November could be termed Ghana Reading Month here on ImageNations. Most of the books I read went into the Ghanaian Literature Week organised by Kinna at Kinna Reads. Of the five books I planned reading, three were read, I am reading the fourth, To Kill a Mockingbird, and the fifth, A Place of Beautiful Nonsense, has been postponed. I also reviewed Tail of the Blue Bird as part of the GLW celebrations.
- Tail of the Blue Bird by Nii Ayikwei Parkes. This a book about a young man Kayo trying to crack a case of seeming murder in a village of Sonokrom. The book highlights the science versus tradition (spirituality) tango. Depiction of Ghanaian living was palpable and true. This book was read in October but reviewed in November for reasons already stated.
- The Other Crucifix by Benjamin Kwakye. This book is about identity, culture shock, home and more. It follows Jojo Badu as he finds his way into the US and the trappings of living in such society which makes one forgetful of home or makes one question what home is and where it could be found.
- Tickling the Ghanaian by Kofi Akpabli. Kofi's works ask questions and explore topics in a way that people have never really done in a very long while. In fact his work is destined to be important for many years to come especially as we refuse to let our older generation teach us the importance of every traditional belief, traditional item and more. What is the importance of the cloth to the Ghanaian, or the Schnapps, or Akpeteshie (local gin)? Kofi's writing is funny and probing. In this book we encounter contemporary Ghanaian culture.
- The Imported Ghanaian by Alba Kunadu Sumprim. Alba's work is a somewhat antithesis of Kofi's work. Whereas Alba's seemingly also want to ask questions, it was more judgmental than exploratory. Picking on certain experiences and observations, the author provided scathing discussions of these issues, providing what in her mind was to be done. The tone was acerbic and vituperative at several points. However, there were some funny moments in the book. To know that the author had just arrived from the UK, where she was born, is important in appreciating this work. I am eager to read what she has to say 10 years later.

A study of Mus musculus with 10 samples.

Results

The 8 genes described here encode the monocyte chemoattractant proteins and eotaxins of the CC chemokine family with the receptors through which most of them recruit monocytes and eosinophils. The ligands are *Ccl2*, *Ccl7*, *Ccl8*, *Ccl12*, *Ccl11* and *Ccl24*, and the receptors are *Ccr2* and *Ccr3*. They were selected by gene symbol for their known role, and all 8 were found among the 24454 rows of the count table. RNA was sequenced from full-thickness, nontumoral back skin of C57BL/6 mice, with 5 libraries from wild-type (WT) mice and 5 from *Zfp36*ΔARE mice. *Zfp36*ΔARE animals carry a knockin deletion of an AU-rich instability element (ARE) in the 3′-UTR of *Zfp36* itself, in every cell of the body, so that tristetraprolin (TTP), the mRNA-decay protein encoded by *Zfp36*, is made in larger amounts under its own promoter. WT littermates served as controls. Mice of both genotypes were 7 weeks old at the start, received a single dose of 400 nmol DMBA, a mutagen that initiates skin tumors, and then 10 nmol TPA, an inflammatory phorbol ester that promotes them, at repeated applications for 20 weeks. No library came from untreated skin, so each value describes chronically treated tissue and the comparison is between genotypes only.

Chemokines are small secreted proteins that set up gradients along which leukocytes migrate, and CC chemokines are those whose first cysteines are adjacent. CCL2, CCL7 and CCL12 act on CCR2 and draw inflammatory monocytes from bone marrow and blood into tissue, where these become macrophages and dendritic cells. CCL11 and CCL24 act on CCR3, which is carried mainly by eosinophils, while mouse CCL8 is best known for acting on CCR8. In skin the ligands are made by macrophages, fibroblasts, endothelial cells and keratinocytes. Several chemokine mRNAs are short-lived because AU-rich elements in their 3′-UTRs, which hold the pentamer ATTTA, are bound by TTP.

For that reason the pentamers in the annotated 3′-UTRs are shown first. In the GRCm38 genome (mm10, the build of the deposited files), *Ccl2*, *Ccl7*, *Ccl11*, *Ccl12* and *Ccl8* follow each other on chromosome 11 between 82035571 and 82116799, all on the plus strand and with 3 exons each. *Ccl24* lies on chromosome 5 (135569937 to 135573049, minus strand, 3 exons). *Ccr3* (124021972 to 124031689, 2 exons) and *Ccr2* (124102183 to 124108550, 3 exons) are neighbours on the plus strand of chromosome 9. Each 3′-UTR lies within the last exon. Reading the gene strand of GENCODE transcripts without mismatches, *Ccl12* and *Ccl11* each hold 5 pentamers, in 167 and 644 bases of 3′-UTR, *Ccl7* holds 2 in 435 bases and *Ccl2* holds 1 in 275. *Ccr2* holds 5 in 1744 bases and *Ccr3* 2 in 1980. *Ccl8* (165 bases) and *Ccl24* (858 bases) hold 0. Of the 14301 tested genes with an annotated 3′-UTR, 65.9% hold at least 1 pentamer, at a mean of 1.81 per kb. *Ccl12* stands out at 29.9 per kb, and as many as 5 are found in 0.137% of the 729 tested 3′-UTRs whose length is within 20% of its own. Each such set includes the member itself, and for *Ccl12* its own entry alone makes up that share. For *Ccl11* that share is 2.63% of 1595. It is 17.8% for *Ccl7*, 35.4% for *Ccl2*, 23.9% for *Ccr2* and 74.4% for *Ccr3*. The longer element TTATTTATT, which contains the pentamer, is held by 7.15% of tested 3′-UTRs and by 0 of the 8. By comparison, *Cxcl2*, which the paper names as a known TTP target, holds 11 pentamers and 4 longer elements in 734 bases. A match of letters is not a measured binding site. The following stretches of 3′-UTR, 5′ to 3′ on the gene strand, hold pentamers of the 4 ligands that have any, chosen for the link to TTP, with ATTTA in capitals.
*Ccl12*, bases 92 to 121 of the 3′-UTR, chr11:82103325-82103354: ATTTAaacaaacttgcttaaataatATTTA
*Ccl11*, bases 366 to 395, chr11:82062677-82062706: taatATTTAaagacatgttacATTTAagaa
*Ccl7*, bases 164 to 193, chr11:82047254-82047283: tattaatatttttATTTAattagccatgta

I managed to read one Caine Prize 2011 Shortlist:
- Butterfly Dreams by Beatrice Lamwaka. This is a story about child soldiers, rape, conflict, survival, trauma and more. And it is a short story.
In December, there are no specific titles but there is a specific objective: to read only books that are on my challenge list. My Top 100 Books Reading Challenge is only two years to the end and I am not even a quarter through the list. Fortunately, with the help of some friends, both home and abroad, known and unknown, I have managed to obtain some of the books on the list. Thus, I would be focusing mainly on these books. The implication is that few, if any, of African-authored books will be read this month, except if it is on the list and I have it. Also, if things go through well with my reading objective, I will be joining Iris on Books in her Advent with Austen which began on November 27, and ends on December 24.
My plans for next year will come out soon.